The head of a $1.8 billion investment fund was arrested by FBI agents Thursday on charges of securities fraud, in which clients allegedly were paid back with their own money instead of from the firm’s supposedly successful financial investments, according to officials.

David Gentile, 54, of Manhasset and the founder, owner and chief executive of GPB Capital Holdings in Manhattan, was arrested in Boston on charges of securities and wire fraud, as well as conspiracy, officials said. He is scheduled for a removal hearing at the federal court there to the federal court in Brooklyn, where the case will be tried.

An attorney for Gentile could not be reached for comment

While victims of the scheme were from around the country, more than a hundred of the investors in parts of the scheme live in the Eastern District of New York, which includes Long Island, Brooklyn, Queens and Staten Island, according to the indictment. Federal indictments do not usually name victims of financial crimes. The indictment does not state how much money the victims allegedly lost.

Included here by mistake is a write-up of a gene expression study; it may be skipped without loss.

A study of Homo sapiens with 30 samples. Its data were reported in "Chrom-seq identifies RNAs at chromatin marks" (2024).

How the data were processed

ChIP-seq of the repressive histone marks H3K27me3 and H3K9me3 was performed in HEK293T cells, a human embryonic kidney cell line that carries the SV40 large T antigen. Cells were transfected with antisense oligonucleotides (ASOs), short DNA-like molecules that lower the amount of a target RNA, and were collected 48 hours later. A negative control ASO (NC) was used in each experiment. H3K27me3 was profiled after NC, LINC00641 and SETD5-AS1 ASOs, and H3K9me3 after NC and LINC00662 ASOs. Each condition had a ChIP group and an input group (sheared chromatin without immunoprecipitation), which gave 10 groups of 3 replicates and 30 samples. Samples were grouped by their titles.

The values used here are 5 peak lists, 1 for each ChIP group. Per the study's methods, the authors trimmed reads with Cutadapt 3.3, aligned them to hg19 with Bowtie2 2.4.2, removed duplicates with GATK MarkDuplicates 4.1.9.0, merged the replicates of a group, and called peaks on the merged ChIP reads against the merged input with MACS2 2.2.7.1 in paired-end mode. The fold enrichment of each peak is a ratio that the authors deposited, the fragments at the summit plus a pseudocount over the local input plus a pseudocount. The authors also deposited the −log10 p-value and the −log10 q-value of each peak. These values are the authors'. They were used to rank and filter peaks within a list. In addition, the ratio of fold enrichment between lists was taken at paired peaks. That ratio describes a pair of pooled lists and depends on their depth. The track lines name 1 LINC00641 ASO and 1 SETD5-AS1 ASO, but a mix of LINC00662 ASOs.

Also charged in the case were Jeffrey Lash, 51, of Naples, Florida, a former managing partner of GPB, and Jeffry Schneider, the owner and CEO of Ascendant Capitol based in Austin, Texas, according to the indictment in the case.

"As alleged, by paying investors from an undisclosed and improper source such as investor capital, the defendants repeatedly misled investors about the health and performance of their investments," Acting Eastern District United States Attorney Seth DuCharme said in a statement.

William Sweeney, the head of the New York office of the FBI, said: "The defendants misrepresented the holdings of GPB Capital through deceptive marketing practices, luring investors with promises of monthly distributions that would be covered by funds from the investments and not drawn from underlying investment capital … this was a lie. In truth, a significant portion of GPB’s distributions were paid directly from investor funds."

If convicted, the defendants could get up to 20 years in prison.